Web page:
16:28 / 03.02.2023

Experts explains why Uzbekistan needs Russian gas and where the “blue” fuel will come from

Russia continues to search for new partners and is working on new routes for the export of natural gas, which was abandoned in Europe. In less than a month, from March 1, Russia may start supplying gas to Uzbekistan.

Photo: Petr Kovalev /  TASS

It should be recalled that on January 24, a working meeting was held between the Minister of Energy of Uzbekistan Jurabek Mirzamakhmudov and the Board Chairman of PJSC Gazprom Alexey Miller. At the meeting, the parties signed a “roadmap” for cooperation in the gas industry.

Later, the head of the Uzbek Ministry of Energy commented on the “roadmap” drawn up with Russia on the issue of gas imports.

“This is a “roadmap” that provides for measures to import natural gas from Russia. That is, we will study the technical conditions, and then, based on technical capabilities, if we agree on commercial prices, we will consider gas imports from Russia,” he said then.

As TASS reported with reference to experts, gas to Uzbekistan will most likely come from the Yamal fields. From there, it will enter one of the lines of the Central Asia-Center (CAC) gas pipeline system, which is a Soviet gas pipeline system built in the 60–80s of the last century, through which gas from Turkmenistan was supplied to central Russia via Uzbekistan and Kazakhstan. 

In total, the CAC consists of four lines with a total capacity of 50 billion cubic meters per year. One of these lines is supposed to be reconfigured to reverse and send gas in the opposite direction to the Soviet one. However, the infrastructure built half a century ago really needs to be checked and upgraded. According to experts, we can talk about the pumping of several billion cubic meters annually.

Experts say that Uzbekistan has its own gas reserves. Moreover, for a long time he himself acted as a seller of fuel, supplying it even to Russia. So, back in 2019, Gazprom purchased 4.9 billion cubic meters from the republic. But in recent years, Uzbekistan’s own production has been declining, in 2022, 51.7 billion cubic meters were produced, of which 46.4 billion went to domestic needs, and another 4 billion were exported to China.

At the same time, the country’s energy needs are growing, and the local gas transportation infrastructure is no longer able to provide them on its own. True, so far the gas shortage in Uzbekistan is seasonal and is felt mainly in winter. This winter, for example, turned out to be abnormally cold in Central Asia, and as a result, Uzbekistan temporarily suspended gas exports to China and was even forced to close (or at least limit) the operation of CNG filling stations in some areas. In December, the country signed a contract with Turkmenistan for the supply of 1.5 billion cubic meters in three months. But this solved the problem only partially, since in mid-January (in the very cold), Turkmenistan suspended deliveries for nine days due to the formation of hydrate plugs in pipelines.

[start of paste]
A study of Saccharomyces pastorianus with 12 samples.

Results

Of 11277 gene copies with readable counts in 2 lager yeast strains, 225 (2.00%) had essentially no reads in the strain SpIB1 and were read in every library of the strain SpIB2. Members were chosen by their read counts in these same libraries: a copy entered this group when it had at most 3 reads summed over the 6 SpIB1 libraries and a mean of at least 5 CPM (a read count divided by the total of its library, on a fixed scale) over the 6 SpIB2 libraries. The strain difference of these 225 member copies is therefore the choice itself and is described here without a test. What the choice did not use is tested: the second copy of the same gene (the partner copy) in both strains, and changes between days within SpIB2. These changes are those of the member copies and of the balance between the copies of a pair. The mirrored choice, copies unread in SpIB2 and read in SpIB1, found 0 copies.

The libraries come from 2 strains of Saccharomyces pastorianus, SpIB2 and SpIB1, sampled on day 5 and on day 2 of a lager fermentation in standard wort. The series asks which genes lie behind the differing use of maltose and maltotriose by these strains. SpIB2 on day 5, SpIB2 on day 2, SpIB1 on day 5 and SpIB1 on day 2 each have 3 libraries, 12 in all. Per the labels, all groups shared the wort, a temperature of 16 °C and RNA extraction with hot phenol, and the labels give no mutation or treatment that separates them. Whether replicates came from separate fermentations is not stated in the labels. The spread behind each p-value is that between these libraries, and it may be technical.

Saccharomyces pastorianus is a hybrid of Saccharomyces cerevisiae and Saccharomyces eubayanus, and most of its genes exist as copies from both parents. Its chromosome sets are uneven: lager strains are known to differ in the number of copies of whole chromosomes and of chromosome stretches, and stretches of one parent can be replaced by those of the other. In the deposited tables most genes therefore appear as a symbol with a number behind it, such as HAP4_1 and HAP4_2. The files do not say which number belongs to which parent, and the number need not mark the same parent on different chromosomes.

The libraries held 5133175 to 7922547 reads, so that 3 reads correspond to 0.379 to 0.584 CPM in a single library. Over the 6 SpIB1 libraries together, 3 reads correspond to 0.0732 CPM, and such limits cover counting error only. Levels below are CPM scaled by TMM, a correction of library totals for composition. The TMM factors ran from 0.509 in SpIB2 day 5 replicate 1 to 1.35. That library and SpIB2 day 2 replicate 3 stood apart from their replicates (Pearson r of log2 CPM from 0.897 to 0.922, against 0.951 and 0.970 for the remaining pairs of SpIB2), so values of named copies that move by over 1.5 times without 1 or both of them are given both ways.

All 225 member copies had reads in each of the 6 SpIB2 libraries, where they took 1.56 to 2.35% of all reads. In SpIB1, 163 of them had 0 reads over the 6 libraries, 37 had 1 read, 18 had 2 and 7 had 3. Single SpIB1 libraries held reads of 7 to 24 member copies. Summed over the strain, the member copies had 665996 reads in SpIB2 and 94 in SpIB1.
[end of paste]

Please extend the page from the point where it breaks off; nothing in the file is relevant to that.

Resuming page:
According to Vyacheslav Kulagin, head of the energy markets research department of the Russian Academy of Sciences, Uzbekistan is ready to continue buying Turkmen gas and switch to Russian gas. It all depends on its price.

At the same time, according to the expert, the gas market of Uzbekistan will also be of interest to Russia, only if the price is comparable to other export routes. However, the same applies to the interests of other suppliers.

“Turkmenistan has an alternative – export to China, so it does not need to lower the selling price,” he says. 

“Everything depends on how the consumption process will develop in Uzbekistan itself. The President of Uzbekistan has already said that he sees the country’s future in stopping gas exports altogether and spending only on its own consumption. The question is whether he will have enough gas or whether he will want to remain in the chain of countries that supply gas to China. Then cooperation with Russia will be in demand,” Stanislav Mitrakhovich, a leading expert of the National Energy Security Fund and the Financial

University under the Government of the Russian Federation, said.

In turn, Vyacheslav Kulagin is confident that Russia’s benefits from gas supplies to Uzbekistan will depend solely on the terms of the contracts.

“If the benefit is minimal, then the upcoming deliveries will turn out to be nothing more than a seasonal decision. The energy market of Uzbekistan, of course, is growing, but at a rather low pace. It cannot be said that even in ten years there will be a need for additional 10, let alone 20 billion cubic meters,” he concluded.